Signs of poultry predators
Anyone who raises chickens has to protect them from predators. But sometimes the unfortunate happens and you're left wondering what got them. Jesse Lyons is an extension poultry specialist at the University of Missouri. He says if birds are missing, there may be a fox taking dinner home to her babies. It could also be a two-legged thief. Look for shoe prints in the mud or snow for clues.
Most chickens are preyed upon at night. If you find body parts in the morning, Lyons says there are clues as to what attacked them. "Missing body parts around the intestinal area, that's more likely to be an opossum. If it's an area where they're in an enclosure and there's a leg or a wing missing, it might be a raccoon reaching through," Lyons says. "Their paws are very able to grab and pull the leg out through the wire and actually amputate a leg. Sometimes they'll reach and get the head."
A bird that's been gnawed on may have been attacked by a cat. If there's nothing left but feathers, Lyons would suspect a coyote. Missing eggs indicate rats, skunks, opossums, snakes, and occasionally raccoons.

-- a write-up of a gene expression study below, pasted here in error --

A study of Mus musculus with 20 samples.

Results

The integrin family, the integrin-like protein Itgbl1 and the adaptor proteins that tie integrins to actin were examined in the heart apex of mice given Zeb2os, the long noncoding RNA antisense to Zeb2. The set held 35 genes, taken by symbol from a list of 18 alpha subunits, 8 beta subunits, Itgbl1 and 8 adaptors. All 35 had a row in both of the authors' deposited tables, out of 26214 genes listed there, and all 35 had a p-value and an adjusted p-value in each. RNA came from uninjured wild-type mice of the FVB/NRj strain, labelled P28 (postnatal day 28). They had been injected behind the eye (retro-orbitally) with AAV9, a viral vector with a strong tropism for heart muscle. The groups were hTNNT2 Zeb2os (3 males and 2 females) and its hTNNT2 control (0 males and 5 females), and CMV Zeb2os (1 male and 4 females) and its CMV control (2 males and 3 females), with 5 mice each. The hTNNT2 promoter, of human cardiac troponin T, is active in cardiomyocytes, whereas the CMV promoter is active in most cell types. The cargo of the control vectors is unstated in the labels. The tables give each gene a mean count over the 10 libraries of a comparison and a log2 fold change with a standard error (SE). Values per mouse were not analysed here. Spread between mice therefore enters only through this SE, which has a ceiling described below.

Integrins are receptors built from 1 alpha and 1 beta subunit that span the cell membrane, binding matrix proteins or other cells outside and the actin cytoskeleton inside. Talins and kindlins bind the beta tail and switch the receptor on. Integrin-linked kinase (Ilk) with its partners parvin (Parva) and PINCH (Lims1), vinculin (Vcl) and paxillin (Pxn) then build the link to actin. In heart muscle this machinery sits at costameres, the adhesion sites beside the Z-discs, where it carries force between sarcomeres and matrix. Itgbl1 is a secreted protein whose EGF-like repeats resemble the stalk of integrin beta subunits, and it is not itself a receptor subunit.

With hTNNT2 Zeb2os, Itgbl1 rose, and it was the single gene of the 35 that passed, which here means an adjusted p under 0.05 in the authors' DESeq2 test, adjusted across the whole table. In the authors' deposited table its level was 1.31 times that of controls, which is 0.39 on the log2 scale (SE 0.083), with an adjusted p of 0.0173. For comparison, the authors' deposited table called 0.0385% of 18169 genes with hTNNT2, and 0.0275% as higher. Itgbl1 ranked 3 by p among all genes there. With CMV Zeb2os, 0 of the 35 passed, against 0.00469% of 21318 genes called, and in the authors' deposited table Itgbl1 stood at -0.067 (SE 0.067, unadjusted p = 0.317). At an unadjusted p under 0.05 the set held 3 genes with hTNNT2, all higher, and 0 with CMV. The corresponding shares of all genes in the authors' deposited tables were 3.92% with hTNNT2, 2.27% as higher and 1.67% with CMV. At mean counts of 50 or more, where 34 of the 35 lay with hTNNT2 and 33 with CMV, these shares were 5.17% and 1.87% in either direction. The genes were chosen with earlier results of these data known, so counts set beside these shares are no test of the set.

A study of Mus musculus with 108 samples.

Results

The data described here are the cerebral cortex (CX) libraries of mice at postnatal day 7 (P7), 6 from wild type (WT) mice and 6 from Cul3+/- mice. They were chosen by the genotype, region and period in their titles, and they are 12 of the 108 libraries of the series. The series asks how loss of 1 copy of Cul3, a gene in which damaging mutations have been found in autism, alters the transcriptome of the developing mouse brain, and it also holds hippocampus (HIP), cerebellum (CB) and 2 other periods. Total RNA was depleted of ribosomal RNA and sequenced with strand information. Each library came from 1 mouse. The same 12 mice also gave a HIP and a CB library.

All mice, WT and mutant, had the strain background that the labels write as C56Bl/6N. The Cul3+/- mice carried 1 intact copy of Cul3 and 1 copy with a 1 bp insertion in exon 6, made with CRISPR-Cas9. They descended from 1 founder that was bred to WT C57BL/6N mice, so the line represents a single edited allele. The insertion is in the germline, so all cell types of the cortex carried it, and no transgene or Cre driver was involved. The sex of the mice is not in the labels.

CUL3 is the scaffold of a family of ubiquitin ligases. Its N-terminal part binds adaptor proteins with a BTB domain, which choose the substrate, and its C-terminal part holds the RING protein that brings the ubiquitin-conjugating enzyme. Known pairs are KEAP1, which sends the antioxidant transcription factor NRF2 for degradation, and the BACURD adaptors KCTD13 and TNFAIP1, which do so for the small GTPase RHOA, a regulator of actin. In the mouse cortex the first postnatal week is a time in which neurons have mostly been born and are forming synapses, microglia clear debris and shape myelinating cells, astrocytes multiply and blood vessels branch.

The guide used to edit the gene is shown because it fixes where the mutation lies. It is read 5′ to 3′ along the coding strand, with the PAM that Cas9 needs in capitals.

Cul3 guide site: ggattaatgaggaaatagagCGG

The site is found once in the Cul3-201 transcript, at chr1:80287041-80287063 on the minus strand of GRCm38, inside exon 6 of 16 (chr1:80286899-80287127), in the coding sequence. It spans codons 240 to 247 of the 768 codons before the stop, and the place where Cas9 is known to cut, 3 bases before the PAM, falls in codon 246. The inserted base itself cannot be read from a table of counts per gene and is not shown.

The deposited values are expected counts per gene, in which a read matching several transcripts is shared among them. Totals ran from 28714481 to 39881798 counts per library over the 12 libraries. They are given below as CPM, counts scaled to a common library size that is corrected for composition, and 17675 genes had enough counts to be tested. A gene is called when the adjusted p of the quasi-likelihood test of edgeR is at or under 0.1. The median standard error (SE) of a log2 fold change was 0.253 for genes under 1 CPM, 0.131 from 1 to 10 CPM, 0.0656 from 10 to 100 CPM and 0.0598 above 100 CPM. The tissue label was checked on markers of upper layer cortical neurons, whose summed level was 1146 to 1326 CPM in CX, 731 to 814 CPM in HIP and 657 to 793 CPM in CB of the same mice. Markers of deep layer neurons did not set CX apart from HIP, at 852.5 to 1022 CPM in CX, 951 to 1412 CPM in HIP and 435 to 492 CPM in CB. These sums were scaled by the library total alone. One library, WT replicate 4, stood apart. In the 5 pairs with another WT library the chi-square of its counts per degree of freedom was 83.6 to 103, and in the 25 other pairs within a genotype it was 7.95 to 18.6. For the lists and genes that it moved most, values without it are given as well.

Sometimes carnage in the coop can be blamed on a family pet. "The neighbor's dog has torn through the chicken wire and got into the building and had a delightful time of killing birds and leaving them lay because the chickens get excited, and the dog gets excited," Lyons says. "The instincts start working, and they kill and leave lay."
The easiest way to keep your flock safe is to lock them up in a secure building at night. Also check with state wildlife and conservation officials that deal with predation. They can offer information on legal control of predators, and methods to protect your poultry.
Learn more about livestock and animal predation identification from The Internet Center for Wildlife Management.